Chipper Jones spent the better part of 18 major league seasons tormenting the New York Mets and their fans. He is their Lex Luthor; their Joker; the arch-nemesis that they constantly try to vanquish, but still respect in their own defeats.
Now the relationship that has become synonymous with “respectful loathing” has come to a close in New York. Chipper Jones played his final series against the Mets in New York this weekend, and baseball is now a little less than it was because of that fact.
Chipper didn’t go out with a bang. He didn’t club his 50th dinger against the Mets at Citi Field. As a matter of fact, he went 0-for-7 in the series, and only got a pinch-hit appearance in Sunday’s series finale, a 3-2 Atlanta Braves win in 10 innings.
But that’s ok.
Chipper had done more than his share of damage to the Mets over the years, (49 home runs, 159 RBI, and a .311 batting average) and to further inflate those numbers this weekend would have only been rubbing salt in the wound.
Mets fans know that Chipper had always gotten the best of them when it counted the most.
Chipper’s final plate appearance was an unintentional-intentional walk. Mets closer Frank Francisco wasn’t going to give Chipper anything worth swinging at in a 2-2 tie during his pinch-hit appearance in the 9th inning of Sunday’s game.
Chipper took his base…walked down to first…and then was lifted for a pinch-runner. As he slowly made his way back into the Atlanta Braves dugout to a chorus of mixed cheers and boos, Chipper removed his batting helmet, and acknowledged the crowd.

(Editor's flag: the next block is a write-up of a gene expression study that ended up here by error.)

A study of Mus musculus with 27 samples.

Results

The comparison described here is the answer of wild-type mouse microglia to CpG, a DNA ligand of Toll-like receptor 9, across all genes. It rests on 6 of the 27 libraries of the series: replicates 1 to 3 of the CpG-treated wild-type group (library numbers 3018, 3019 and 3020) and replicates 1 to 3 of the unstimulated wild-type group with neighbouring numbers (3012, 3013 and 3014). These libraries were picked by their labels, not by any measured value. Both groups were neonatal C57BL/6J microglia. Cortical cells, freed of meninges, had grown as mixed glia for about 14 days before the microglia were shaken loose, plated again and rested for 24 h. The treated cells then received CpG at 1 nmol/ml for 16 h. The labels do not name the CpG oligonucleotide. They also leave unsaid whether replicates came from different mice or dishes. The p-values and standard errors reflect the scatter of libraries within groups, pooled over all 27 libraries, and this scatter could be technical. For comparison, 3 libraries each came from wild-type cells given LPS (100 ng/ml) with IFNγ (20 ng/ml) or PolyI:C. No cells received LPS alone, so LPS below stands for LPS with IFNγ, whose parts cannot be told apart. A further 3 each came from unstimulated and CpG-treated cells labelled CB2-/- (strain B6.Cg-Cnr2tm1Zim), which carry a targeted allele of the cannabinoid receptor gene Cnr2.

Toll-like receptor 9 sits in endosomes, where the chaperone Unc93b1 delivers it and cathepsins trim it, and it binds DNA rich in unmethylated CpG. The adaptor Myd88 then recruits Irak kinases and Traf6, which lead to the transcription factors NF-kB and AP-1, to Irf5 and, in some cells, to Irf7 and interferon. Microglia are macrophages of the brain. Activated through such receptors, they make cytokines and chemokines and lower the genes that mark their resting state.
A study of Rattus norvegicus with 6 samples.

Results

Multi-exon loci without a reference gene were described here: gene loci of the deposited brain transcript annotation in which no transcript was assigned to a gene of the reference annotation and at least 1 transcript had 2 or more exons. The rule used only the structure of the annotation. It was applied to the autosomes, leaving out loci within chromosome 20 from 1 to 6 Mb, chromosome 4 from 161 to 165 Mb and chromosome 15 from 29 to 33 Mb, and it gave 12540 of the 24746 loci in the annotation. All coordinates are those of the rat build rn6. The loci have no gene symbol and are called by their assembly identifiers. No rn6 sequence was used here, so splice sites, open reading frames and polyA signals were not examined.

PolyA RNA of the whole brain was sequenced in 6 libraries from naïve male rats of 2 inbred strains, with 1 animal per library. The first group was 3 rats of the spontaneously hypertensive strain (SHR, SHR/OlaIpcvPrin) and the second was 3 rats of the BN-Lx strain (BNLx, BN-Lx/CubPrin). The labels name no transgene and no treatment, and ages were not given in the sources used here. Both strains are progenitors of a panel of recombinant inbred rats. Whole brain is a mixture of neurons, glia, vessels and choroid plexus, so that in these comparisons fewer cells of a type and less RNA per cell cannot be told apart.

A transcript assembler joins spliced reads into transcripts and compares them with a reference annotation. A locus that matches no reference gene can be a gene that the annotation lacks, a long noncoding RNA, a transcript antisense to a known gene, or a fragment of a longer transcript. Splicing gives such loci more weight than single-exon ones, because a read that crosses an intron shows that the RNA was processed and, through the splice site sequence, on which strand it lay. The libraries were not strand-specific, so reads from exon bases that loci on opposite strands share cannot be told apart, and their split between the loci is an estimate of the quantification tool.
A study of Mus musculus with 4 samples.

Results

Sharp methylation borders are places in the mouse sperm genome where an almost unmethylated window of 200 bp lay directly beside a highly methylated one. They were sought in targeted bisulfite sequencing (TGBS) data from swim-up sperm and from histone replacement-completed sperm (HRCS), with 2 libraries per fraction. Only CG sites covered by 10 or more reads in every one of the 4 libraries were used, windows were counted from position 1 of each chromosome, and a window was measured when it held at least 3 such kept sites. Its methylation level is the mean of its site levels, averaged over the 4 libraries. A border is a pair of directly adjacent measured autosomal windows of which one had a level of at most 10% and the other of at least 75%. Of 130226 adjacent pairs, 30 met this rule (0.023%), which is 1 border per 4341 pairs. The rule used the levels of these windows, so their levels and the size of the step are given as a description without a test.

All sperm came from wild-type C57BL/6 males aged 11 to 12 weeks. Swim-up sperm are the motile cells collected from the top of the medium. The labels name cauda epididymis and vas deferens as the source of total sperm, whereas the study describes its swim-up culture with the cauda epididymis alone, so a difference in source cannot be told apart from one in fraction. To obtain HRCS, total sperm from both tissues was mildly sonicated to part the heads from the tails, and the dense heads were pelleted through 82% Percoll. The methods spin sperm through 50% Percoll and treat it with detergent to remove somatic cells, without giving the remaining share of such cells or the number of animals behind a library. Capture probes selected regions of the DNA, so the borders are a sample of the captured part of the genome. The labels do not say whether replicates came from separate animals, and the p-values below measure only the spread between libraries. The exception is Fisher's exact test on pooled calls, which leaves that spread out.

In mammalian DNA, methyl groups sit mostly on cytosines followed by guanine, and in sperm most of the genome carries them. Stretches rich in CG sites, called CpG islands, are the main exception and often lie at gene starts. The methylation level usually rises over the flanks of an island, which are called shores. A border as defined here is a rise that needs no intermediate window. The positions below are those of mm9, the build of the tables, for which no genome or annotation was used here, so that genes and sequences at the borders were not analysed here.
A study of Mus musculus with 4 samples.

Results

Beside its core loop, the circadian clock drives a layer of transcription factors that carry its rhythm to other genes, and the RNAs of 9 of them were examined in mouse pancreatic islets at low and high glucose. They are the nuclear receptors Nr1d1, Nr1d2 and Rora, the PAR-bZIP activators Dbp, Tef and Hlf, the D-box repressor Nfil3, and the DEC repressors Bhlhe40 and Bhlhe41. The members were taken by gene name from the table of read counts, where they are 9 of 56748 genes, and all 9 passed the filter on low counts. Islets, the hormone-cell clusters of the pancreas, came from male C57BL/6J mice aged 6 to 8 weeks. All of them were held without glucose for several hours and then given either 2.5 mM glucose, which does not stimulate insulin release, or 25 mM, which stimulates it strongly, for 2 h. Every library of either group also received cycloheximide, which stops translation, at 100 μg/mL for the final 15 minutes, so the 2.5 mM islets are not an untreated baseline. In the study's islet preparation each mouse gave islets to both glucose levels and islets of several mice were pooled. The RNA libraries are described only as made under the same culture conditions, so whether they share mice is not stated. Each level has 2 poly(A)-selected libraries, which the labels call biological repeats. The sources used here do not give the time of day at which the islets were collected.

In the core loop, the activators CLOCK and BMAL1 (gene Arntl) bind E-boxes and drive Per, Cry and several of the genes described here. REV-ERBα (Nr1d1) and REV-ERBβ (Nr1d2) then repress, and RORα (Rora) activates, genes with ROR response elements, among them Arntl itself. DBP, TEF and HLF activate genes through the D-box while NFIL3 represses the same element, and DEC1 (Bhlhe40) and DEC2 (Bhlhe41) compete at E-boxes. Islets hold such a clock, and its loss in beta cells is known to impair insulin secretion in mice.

It’s the oldest and simplest of baseball gestures, and yet still the most powerful. A simple tip of the cap, a nod, and an assuring smile, throwing respect to the opposing fans who had so often jeered at your greatness, and reveled in your failures.
The Mets organization presented Jones with a painting depicting his feats at Shea Stadium. Chipper didn’t need it. The memories of dozens of games played at Shea Stadium and Citi Field are the only things that both sides really need.
There was no grandiose ceremony, and no key to the city. In fact, the entire weekend series was played out in front of sparse crowds, and the attention of the New York media was understandably more focused on the impending collapse of the New York Yankees, the U.S. Open tennis tournament, and the opening of the NFL season.
Listen closely, and you can still hear the echoes of “Laaaaarry…Laaaaarry…Laaaaarry” making their way through the rafters in Citi Field.
Chipper Jones may never cast his shadow on the infield grass in Flushing again, but he will always be a part of the lore there.